The Science Behind Your Metabolic Rate
Metabolism is the process by which your body changes the food and liquid you take in into energy for use.
Resting metabolic rate or RMR is the minimum number of calories you need to perform basic functions, such as maintaining heart rate and body heat, breathing and keeping up brain activity. You will need this minimum amount of energy each day, even if you are not moving around. Two people with the same weight and height can have very different metabolic rates and energy needs.
How to Use Your RMR Results
Once you have your RMR results, you can easily calculate your Total Energy Expenditure based on your activity level.
Here’s how you can do it:
Without an accurate test, you could use your weight, height and age to estimate your RMR. However, everyone is different, and a small difference in your RMR can have a significant impact on your diet over time.
You can get an estimate of the number of calories you burn with exercise by using Fitnescity’s tool: Calories Burned By Exercise.
Factors That Affect Your Metabolism
The metabolic rate declines with age because of loss of skeletal mass in increased percentage of fat tissue.
Body Fat Percentage
Your RMR depends on the amount of fat you have. If your body fat percentage is high, your RMR might be lower than that of an individual with a lower body fat percentage.
The RMR is lower in women than in men, mostly because men, on average, have a greater muscle mass and a lower body-fat percentage than women.
A smaller body requires fewer calories to maintain the same physiological functions, whereas a larger body requires more calories.
Also, during weight loss your body may try to conserve energy in response to a lower calorie intake, this can also cause a reduction in RMR.
Taller people typically have greater body surface area and more lean body mass. As a result, they can have a higher RMR.
For every increase of 0.5 degrees C in internal temperature of the body, the RMR increases by about 7 percent. Therefore, a person with a fever of 42 degrees C (about 4 degrees C above normal) would have an increase of about 50 percent in RMR.
Starvation or serious abrupt calorie-reduction can dramatically reduce BMR by up to 30 percent. Likewise, restrictive, low-calorie weight-loss diets may cause BMR to drop by as much as 20 percent.
Physical exercise not only influences body weight by burning calories, it also helps raise RMR by building extra muscle. The greater the exercise intensity, the longer it takes the body to recover, which results in a longer and higher excess post-exercise oxygen consumption (EPOC).
Temperature outside the body affects the resting metabolic rate. Exposure to cold temperature causes an increase in the RMR, as the body tries to create the extra heat needed to maintain its internal temperature. A short exposure to hot temperature has little effect on the body’s metabolism because of compensatory increases in heat loss. However, prolonged exposure to heat can raise the RMR.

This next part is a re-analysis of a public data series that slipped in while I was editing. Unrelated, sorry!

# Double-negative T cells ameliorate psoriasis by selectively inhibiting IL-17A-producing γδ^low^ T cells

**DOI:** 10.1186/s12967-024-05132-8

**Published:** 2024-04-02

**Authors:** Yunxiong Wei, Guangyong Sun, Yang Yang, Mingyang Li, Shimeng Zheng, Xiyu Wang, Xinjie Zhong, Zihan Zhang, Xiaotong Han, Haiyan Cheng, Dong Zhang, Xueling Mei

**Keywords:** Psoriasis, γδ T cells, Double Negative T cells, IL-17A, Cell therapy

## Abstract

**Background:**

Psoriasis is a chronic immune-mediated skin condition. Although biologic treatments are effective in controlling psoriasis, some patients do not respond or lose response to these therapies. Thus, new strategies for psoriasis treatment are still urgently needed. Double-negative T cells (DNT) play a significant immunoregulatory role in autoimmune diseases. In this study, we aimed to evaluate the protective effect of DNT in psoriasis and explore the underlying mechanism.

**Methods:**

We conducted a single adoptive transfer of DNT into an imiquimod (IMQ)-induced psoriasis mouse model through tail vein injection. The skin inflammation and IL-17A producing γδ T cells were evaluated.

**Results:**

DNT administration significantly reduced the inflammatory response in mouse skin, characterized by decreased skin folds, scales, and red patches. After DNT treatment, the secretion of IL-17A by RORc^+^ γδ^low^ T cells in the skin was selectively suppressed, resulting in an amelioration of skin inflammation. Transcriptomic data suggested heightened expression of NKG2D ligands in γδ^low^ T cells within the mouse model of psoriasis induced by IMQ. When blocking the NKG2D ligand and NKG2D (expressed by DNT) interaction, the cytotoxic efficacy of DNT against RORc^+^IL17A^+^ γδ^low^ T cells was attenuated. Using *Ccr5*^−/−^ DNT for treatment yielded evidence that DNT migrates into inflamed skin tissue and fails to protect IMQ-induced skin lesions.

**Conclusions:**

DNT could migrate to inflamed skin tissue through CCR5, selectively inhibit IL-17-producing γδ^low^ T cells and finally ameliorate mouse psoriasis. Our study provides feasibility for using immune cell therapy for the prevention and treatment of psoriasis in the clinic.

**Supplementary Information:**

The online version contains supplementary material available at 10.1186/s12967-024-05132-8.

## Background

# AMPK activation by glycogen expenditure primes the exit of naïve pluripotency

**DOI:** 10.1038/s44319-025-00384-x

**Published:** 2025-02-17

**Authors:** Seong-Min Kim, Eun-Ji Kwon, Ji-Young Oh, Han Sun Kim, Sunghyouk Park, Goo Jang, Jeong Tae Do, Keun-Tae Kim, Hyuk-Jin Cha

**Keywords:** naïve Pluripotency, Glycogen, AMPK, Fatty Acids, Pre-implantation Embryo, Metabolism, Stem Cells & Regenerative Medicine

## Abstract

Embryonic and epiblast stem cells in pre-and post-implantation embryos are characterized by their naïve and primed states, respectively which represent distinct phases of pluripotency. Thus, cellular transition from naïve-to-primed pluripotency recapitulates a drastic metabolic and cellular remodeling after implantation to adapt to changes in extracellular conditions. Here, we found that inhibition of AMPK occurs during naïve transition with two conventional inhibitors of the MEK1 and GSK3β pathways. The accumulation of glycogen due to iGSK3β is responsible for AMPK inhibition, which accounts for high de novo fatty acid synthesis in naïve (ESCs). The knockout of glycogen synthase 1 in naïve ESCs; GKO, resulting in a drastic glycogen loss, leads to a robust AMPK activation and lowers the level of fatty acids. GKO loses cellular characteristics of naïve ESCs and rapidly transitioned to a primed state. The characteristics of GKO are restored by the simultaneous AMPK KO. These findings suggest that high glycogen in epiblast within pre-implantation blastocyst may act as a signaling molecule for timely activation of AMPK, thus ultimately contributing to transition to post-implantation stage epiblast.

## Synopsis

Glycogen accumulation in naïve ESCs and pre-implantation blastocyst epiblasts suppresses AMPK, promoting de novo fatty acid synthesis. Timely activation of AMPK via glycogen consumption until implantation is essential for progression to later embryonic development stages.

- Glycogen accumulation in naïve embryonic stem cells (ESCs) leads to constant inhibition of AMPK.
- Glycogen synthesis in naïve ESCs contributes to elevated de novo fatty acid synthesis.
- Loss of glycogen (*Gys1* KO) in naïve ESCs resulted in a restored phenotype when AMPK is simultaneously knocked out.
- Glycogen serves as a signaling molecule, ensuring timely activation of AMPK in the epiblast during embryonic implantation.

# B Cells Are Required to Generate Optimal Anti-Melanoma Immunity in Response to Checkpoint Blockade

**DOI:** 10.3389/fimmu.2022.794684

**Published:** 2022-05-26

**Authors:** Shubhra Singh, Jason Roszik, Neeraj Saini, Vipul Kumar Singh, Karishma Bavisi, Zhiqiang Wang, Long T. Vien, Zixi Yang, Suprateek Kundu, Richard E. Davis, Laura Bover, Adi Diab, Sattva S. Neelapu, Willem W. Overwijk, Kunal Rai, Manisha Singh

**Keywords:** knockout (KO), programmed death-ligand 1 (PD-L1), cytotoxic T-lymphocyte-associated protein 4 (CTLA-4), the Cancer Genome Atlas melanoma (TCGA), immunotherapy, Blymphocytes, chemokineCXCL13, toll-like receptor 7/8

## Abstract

Some people are born with faster metabolisms, while others naturally have slower metabolisms.
Some hormones can increase or decrease metabolic rate. For instance, the thyroid hormones regulate a portion of metabolism. An individual who has hypothyroidism can have a low RMR.
Your Measured RMR Will Most Likely Be Different than Your Estimated RMR
You can estimate your RMR using the Mifflin-ST Jeor equation. However, the formula does not take into account all of the factors mentioned above, and as a result, it can under-estimate or over-estimate the RMR.
Men : 10 x weight (kg) + 6.25 x height (cm) – 5 x age + 5
Women : 10 x weight (kg) + 6.25 x height (cm) – 5 x age – 161
It is important to keep in mind that the equation only gives an estimate of the RMR and cannot entirely be relied upon, since each individual is different. For instance, you might find that your actual (measured) RMR is 200 calories less than your estimated one. The difference is enough to cause weight gain of several pounds over a few months.
The RMR test will also give you your Respiratory Exchange Ratio (RER). The RER is the ratio between the amount of carbon dioxide (CO2) produced in metabolism and oxygen (O2) used. This ratio indicates what your body is using for energy: carbohydrates or fat.
At rest, the RER is about 0.8. However, during exercise the number can exceed 1 as CO2 production by the working muscles becomes greater and more O2 is being used.
An RER of 0.70 means that your predominant energy source is fat while an RER of 0.85 suggests that you use a mix of fat and carbohydrates. If the value is 1.00 at rest, this means that your body relies mostly on carbohydrates for energy.
How to Boost Your Metabolism
If you eat enough protein, you will allow your body to build and repair its muscle tissue. As a result, this will help you maintain or increase your muscle mass.
If you increase your daily activity level and/or do strength training, you will not only burn more calories, but will also strengthen your muscle mass.
If you ear less sugar (and more protein and fat), you will boost your RMR. Unlike protein and fat, the amount of energy that it requires for the body to process sugar, is relatively small compared with fat and/or protein.